The beleaguered boss of Boeing has endured a second day of questioning at the US Congress about the two fatal crashes of the 737 Max aircraft.

Dennis Muilenburg, chief executive and president of Boeing, was quizzed by senators on the Commerce Committee about the loss of Lion Air flight 610 and Ethiopian Airlines flight 302.

The pilots of both aircraft lost control to an anti-stall system, known as MCAS, after it deployed in response to a faulty sensor. A total of 346 passengers and crew died in the two fatal accidents.

Mr Muilenburg faced the House Committee on Transportation and Infrastructure.

In a heated exchange, Steve Cohen, a Democrat congressman from Tennessee, asked the Boeing boss: “You say you’re accountable. What does accountability mean? 

“Are you taking a cut in pay, are you working for free from now on so you can cure this problem?”

Gesturing to the families of the victims of the crashes who were at the hearing, he said: “These people’s relatives are not coming back. They’re gone. Your salary’s still on.

“Is anybody at Boeing taking a cut or working for free to try to rectify this problem? Like the Japanese would do?”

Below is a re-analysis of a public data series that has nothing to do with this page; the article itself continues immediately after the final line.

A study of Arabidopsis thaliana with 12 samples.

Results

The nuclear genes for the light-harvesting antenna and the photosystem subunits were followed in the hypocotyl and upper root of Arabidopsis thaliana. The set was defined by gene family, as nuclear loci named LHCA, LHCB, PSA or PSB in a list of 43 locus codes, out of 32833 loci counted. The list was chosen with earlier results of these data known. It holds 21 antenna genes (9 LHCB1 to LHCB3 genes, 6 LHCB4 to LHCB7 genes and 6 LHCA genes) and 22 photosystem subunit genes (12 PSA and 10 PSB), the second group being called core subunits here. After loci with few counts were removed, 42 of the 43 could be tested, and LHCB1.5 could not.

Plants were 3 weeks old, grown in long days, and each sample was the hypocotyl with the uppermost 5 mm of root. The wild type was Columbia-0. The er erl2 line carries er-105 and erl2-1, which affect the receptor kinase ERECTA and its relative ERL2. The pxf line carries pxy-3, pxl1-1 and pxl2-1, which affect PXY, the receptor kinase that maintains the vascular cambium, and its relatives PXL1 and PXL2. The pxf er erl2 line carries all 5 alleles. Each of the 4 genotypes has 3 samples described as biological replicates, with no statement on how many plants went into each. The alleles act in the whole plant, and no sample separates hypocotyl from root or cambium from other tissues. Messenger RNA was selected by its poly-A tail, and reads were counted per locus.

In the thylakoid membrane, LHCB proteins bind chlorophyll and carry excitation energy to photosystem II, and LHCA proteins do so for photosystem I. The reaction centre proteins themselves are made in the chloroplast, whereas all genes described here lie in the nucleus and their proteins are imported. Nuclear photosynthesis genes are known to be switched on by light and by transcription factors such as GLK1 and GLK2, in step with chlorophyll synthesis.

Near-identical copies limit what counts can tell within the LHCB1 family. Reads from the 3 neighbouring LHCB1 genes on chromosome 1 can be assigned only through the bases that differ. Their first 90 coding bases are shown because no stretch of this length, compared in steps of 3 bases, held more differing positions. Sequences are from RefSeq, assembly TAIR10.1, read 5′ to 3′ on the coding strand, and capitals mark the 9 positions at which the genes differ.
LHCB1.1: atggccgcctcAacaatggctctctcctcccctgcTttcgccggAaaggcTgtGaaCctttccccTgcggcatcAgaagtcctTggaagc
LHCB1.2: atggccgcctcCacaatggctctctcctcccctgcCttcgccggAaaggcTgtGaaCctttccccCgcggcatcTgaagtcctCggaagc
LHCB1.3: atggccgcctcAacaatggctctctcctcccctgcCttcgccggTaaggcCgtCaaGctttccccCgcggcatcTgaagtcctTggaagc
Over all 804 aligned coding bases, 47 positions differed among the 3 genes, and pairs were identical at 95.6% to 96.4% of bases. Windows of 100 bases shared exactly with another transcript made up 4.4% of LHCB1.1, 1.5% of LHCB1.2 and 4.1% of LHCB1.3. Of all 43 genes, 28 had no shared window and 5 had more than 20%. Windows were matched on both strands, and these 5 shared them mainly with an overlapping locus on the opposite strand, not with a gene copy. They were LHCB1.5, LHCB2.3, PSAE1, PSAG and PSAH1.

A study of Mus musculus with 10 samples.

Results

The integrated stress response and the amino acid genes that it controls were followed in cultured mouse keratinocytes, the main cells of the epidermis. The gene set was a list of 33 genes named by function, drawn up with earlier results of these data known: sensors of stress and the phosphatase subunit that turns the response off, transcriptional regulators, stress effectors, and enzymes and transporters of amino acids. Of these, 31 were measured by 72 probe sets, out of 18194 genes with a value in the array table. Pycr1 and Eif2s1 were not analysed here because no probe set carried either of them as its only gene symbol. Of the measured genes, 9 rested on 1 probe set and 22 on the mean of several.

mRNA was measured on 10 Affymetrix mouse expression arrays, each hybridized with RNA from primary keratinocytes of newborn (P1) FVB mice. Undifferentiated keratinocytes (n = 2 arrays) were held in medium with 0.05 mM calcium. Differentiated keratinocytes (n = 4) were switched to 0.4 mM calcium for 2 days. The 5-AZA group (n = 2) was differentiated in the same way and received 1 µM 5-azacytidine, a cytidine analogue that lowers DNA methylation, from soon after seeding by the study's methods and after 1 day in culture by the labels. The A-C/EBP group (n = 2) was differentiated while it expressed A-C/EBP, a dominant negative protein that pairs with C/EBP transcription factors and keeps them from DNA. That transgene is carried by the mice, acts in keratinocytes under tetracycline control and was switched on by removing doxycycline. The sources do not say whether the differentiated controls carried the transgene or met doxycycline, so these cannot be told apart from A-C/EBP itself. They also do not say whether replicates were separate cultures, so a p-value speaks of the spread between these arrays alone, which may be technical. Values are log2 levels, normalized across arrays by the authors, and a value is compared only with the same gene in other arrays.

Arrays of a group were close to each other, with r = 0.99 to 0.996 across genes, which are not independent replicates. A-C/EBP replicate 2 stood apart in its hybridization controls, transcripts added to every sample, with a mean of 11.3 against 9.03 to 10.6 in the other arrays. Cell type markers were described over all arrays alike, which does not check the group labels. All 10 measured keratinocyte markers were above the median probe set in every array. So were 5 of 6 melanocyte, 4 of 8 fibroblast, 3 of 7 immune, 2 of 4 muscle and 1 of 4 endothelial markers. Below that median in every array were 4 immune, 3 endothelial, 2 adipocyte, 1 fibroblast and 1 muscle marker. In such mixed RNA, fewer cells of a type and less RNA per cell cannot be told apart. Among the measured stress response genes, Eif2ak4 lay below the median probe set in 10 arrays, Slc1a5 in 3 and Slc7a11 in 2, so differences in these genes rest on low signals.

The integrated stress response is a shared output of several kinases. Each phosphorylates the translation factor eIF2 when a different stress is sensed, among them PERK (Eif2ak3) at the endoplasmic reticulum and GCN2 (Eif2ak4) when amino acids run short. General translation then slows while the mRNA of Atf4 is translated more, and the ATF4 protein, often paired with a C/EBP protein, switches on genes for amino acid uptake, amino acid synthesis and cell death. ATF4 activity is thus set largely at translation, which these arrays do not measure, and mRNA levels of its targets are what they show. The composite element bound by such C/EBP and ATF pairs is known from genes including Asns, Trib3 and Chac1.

Mr Muilenburg said: “Congressman, it’s not about the money for me.”

Mr Cohen again asked: “Are you giving up any money?”

The response was: “Congressman, my board will conduct a comprehensive review.”

At that point, Mr Cohen said: “So you’re saying you’re not giving up any compensation at all? 

“You’re continuing to work and make $30 million a year after this horrific two accidents that caused all these people’s relatives to go, to disappear, to die?”

Mr Muilenburg said: “Congressman, again, our board will make those determinations.”

In 2018, the Boeing leader was paid $23.4m but also cashed in share bonuses from previous years to bring his total income for the year to $30 million.

Earlier, another Democrat representative, Albio Sires from New Jersey, read out an email from a Boeing 737 worker sent to a senior executive expressing concern about the pressure staff felt under. 

“For the first time in my history with Boeing I would be hesitant about putting my family on a Boeing airplane,” he wrote.

The Boeing 737 Max was grounded worldwide after the second crash in March 2019. Boeing expects it to fly again by the end of the year.